Browse any magazine or website and you’ll find that one of the more popular residential images makes use of twilight architectural photography. There’s something magical about the combination of the warm colors of the sunset bouncing off of a building’s surface with the deep blues of the sky—and often the water in the pool—as night unfolds.
I enjoy taking this kind of shot because the image can immediately draw in the viewer. But to get the right lighting, the work can be complex. Many hours of effort goes into the production of this singular image. Move the slider on the image below to see the difference.
The first thing to understand is that the light is fleeting. On a given night, I only have the ability to stage and shoot one or two shots. This is very important for my clients to understand: we have to be discerning on the composition we want to produce.
So why can’t I do more than a couple of shots? This is primarily due to the fact that I am not capturing a single exposure, or shot, of the building. Instead, I am taking multiple exposures of the subject throughout the sunset. As the sun begins to set I take the first image, which looks something like this:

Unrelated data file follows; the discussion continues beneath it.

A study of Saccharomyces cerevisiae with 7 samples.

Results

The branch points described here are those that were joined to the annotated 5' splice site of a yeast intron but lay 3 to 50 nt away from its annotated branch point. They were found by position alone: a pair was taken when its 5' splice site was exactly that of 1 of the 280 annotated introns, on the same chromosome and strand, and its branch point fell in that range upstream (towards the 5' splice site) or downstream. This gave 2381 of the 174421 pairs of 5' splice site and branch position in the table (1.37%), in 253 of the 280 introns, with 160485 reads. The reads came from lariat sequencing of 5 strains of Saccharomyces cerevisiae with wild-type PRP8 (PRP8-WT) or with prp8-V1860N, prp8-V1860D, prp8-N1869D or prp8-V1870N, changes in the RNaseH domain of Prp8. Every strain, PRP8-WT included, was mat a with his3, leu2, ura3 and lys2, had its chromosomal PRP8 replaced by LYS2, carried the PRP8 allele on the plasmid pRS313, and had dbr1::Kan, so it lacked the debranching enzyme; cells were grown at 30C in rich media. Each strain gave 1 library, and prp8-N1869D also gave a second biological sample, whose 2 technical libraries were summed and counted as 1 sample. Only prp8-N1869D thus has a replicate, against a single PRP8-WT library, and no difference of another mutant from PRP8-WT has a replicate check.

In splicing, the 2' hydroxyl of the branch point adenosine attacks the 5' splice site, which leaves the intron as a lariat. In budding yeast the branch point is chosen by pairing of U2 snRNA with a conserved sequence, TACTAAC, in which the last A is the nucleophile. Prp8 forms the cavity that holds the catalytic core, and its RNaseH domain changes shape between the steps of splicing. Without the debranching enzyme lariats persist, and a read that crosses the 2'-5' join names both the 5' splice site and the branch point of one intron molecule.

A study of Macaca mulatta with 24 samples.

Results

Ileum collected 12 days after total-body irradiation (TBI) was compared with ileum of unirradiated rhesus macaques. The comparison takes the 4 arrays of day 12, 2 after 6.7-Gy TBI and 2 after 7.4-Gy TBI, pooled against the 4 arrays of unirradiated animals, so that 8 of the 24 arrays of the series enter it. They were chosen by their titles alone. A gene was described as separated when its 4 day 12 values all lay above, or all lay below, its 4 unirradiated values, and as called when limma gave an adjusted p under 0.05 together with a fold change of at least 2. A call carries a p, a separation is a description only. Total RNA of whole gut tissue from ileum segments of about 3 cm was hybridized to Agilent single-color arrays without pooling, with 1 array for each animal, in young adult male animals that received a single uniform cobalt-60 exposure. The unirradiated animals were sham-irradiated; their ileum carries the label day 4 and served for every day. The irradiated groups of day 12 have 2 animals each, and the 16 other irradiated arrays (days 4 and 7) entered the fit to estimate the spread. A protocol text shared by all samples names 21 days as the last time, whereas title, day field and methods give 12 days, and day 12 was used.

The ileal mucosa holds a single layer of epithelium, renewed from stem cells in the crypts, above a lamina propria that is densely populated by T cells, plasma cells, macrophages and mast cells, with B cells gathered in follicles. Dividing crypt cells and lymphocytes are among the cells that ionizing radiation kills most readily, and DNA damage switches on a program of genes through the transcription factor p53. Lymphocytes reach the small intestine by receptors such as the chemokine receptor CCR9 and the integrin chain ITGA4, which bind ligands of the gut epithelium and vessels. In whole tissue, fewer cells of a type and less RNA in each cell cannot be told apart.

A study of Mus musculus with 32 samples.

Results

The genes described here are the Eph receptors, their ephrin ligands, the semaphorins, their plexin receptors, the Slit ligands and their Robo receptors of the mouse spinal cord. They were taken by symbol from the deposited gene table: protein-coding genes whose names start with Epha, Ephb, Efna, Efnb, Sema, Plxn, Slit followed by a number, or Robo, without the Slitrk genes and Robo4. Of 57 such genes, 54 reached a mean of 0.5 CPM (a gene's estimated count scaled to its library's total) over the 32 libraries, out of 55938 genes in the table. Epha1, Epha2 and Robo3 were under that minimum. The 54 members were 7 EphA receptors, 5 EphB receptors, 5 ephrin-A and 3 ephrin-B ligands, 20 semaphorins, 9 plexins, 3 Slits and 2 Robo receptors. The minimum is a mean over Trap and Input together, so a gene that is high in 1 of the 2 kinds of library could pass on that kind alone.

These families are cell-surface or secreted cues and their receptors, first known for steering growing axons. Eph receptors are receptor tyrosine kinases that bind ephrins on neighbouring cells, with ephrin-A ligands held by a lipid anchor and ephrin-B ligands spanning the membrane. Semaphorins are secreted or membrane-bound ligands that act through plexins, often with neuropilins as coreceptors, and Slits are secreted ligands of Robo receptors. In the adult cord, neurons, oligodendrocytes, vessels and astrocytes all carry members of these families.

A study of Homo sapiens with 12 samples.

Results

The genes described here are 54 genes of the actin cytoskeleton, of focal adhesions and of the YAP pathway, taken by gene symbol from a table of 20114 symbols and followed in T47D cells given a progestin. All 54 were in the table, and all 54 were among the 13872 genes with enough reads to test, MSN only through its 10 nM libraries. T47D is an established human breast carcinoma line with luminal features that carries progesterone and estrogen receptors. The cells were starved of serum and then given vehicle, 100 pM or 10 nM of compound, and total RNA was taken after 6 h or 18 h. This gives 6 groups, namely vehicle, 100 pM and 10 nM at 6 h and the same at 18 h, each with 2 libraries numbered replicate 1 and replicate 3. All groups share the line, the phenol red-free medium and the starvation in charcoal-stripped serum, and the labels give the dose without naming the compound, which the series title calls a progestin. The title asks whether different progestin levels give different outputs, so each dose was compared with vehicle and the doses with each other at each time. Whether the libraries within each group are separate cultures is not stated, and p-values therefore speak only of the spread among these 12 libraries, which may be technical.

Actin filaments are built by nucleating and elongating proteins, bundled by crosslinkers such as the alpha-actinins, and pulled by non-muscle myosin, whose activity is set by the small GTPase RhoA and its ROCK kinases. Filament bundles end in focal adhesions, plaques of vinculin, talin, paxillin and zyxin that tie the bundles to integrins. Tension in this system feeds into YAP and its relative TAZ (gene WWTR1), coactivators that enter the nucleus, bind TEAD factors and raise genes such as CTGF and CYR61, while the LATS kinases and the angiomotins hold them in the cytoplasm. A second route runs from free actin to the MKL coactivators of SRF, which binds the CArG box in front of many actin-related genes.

While the sun goes down, I gauge the ambient light that I like to grab sky exposures and a base exposure for the final image. I then begin “light painting” the building with a strobe light or LED—this allows me to highlight sections of the house that are either underexposed or that would benefit from supplemental lighting. I then layer together the images to create the final composite image.
Throughout the sunset (anywhere from 20 minutes to one hour), I continue to take multiple exposures with and without the artificial light.
This gives me a variety of images that I can later assemble into one final composite in Photoshop—a process that can take two hours itself. Depending on my client’s tastes, this twilight photo can have either a more softer, ambient light feel indicative of early sunset or a more dramatic nightscape fully illuminated look.
So while you may be able to get a decent single exposure of a structure at sunset, this is the method that creates those awe-inspiring photos that make you want to move into that house right now.
This post featured an amazing property design by architect Ed Urbanek Designs and built by my longtime client Mattern & FitzGerald. Here are a few more before and after sliders of other twilight photos I’ve produced. If you’re interested in working with me on a project please contact me today.